GI Bill Questions -The Three Most Important
Does this sound familiar? You joined the military in your teens. Maybe you served in Iraq or Afghanistan, or maybe you were stateside the entire time. Regardless, after 6-10 years of being a soldier, your family needed you. So you separated from the military. You learned a lot and gained a great deal of experience. But now you’re not sure how, or even if, it translates to a civilian job.
Your first thought is to use your GI Bill benefits and finish your education. You check out online classes and traditional college, but your family can’t wait for two to four years for you to get a great-paying job. Or, maybe college just isn’t right for you.
If that’s familiar, you may not know where to go next. Don’t worry though, to find the right path all you have to do is ask yourself the right three questions. These are the same three questions every veteran should ask before making a decision on how to use your GI Bill benefits:
- Will it train me for a job right now? The first question is whether the education or job training you are considering is designed to get you in a job with career opportunity or whether it is primarily focused on general education. Today’s economy is a “skills based” economy and your education needs to provide you with the right “job skills”. A general education curriculum won’t do that.
- How quick will it get me into the workforce? You put your civilian career on hold while serving your country. Not all education programs require two-four years to prepare you for your new career. The most effective education programs get you into the workforce and your new career in the shortest amount of time possible. By eliminating general education classes, alternative programs can “accelerate” your training.
- Has this specific program worked for other veterans? Veteran students often have different goals and circumstances from traditional students. It is important to verify that the program you are considering has successfully transitioned veterans into the type of career you want. Just because a program is labeled “Military Friendly” doesn’t mean it has worked for other veterans.
What is “Job Skills” Training?
If your goal when utilizing the GI Bill is to prepare for your civilian career, then the program you chose should be designed to advance that goal. Unfortunately, many higher education or college degree programs aren’t focused on that goal. They are focused on providing a well-rounded education – not training for job skills. That’s why 50%-70% of your classes are subjects you’ll never use in your job.
In today’s economy, the jobs in highest demand require you to have specific job skills. A prime example is the technology industry. IT employers expect their entry-level candidates to already have IT job skills. Companies do not have the time, resources or budget to train new-hire employees. That’s why there has been a proliferation of vocational and/or certification based training programs.
The VA understood this need. That’s why in November of 2011, the VA modified the Post-9/11 GI Bill to include these types of college alternative programs. They understood not every great career requires a college degree. Rather, employers are looking for veterans with the specific job skills for the positions they are offering.
What is Accelerated Training?
In the traditional degree programs, you are required to take many hours of general education, such as English literature, history, sociology or biology. These general education courses seldom have any relation to your new career. The new certification-based programs can significantly accelerate training (and reduce the time you spend in school) by focusing only on the job skills you will utilize in your career. That’s how you complete these programs in as little as four months.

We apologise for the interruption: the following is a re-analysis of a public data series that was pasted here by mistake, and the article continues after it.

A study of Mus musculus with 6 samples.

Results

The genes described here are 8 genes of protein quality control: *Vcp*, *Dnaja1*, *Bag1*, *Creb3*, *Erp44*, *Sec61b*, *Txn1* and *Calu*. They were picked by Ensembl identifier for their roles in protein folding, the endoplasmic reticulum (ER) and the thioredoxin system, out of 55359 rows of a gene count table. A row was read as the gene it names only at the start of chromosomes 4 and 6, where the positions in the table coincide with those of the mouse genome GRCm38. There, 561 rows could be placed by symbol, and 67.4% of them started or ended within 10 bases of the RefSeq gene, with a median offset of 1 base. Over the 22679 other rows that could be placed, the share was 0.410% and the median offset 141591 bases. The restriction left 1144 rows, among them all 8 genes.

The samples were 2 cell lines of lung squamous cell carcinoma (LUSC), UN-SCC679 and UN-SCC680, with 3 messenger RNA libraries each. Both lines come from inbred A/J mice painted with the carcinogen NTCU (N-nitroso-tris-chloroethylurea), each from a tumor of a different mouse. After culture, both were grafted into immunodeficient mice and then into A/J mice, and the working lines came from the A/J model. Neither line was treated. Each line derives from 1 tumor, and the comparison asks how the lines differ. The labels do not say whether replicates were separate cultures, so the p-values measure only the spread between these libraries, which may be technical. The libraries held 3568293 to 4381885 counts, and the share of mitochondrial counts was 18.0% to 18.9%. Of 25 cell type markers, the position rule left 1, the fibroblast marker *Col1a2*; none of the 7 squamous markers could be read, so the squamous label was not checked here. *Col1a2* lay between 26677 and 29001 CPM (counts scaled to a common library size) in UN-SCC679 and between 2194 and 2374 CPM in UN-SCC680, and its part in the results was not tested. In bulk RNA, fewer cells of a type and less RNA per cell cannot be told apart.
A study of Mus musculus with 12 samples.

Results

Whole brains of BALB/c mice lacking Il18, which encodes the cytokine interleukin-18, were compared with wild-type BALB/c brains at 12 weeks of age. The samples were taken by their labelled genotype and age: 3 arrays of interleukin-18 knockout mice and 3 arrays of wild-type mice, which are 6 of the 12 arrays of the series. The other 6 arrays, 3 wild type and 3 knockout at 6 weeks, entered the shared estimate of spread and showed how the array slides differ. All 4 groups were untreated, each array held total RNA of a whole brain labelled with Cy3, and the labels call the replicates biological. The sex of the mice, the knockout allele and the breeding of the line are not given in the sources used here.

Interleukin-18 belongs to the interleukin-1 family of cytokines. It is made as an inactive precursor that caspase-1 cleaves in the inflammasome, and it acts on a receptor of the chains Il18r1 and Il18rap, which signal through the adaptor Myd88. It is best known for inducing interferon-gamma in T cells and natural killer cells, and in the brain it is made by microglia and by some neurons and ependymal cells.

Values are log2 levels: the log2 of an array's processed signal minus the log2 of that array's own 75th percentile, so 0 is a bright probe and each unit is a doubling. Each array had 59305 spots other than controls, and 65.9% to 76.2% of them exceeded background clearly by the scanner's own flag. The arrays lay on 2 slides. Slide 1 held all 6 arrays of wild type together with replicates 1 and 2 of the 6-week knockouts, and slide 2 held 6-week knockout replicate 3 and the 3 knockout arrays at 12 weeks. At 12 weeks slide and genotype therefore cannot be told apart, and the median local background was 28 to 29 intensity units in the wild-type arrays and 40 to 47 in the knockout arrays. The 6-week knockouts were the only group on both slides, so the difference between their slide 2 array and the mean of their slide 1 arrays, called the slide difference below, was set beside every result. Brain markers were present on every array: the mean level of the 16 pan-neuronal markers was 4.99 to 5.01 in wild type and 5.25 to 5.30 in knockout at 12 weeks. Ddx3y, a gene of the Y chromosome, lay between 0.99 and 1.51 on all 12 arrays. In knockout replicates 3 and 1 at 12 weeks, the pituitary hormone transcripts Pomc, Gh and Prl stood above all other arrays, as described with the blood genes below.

For example, Centriq offers the choice between two four-month IT training programs. One prepares you for a career in IT as a network administrator/security professional and the other as a programmer or coder. In each program, Centriq has worked with IT employers to determine the specific IT job skills in demand for entry-level IT professionals and coders and designed a hands-on program that focuses only on these job skills. Students will utilize everything they learn in their new jobs.
What is a Military Friendly School?
Great question! Look at the list of Military Friendly Schools and you might think it would be better to just list schools that aren’t Military Firendly. Centriq Training is a Military Friendly School but we have a different idea of what it means. Here’s what Military Friendly means to Centriq:
- Almost 25% of our TechSmart KC students are veterans.
- You get in the IT job market in four months – not four years.
- Out training is “hands on” – just like the military. Not long lectures.
- No English, history or biology – just technology job skills.
- No prior IT experience needed.
- We include a “Military to Civilian” seminar as part of our curriculum.
- Our Employer Network hires veterans because they are veterans.
- We train you for a career with real economic opportunity.
- Our experienced Admissions team will walk you through the VA process.
Why IT? Why Centriq?
Technology is a growing industry with incredible career opportunities. It is an industry that doesn’t require a college degree to be successful. Centriq has developed a college alternative that takes individuals with little or no IT experience and provides them with the technology job skills to start a new career in IT – in just four months? Does Centriq’s program work? Just ask the over 875 companies in Kansas City that have hired Centriq grads. Just ask the 25% of our students that utilized their GI Bill at Centriq.
The GI Bill allows you to turn your time in the military into money towards an education. Don’t make a mistake now. Ask the three right questions to get the most out of your GI Bill benefits.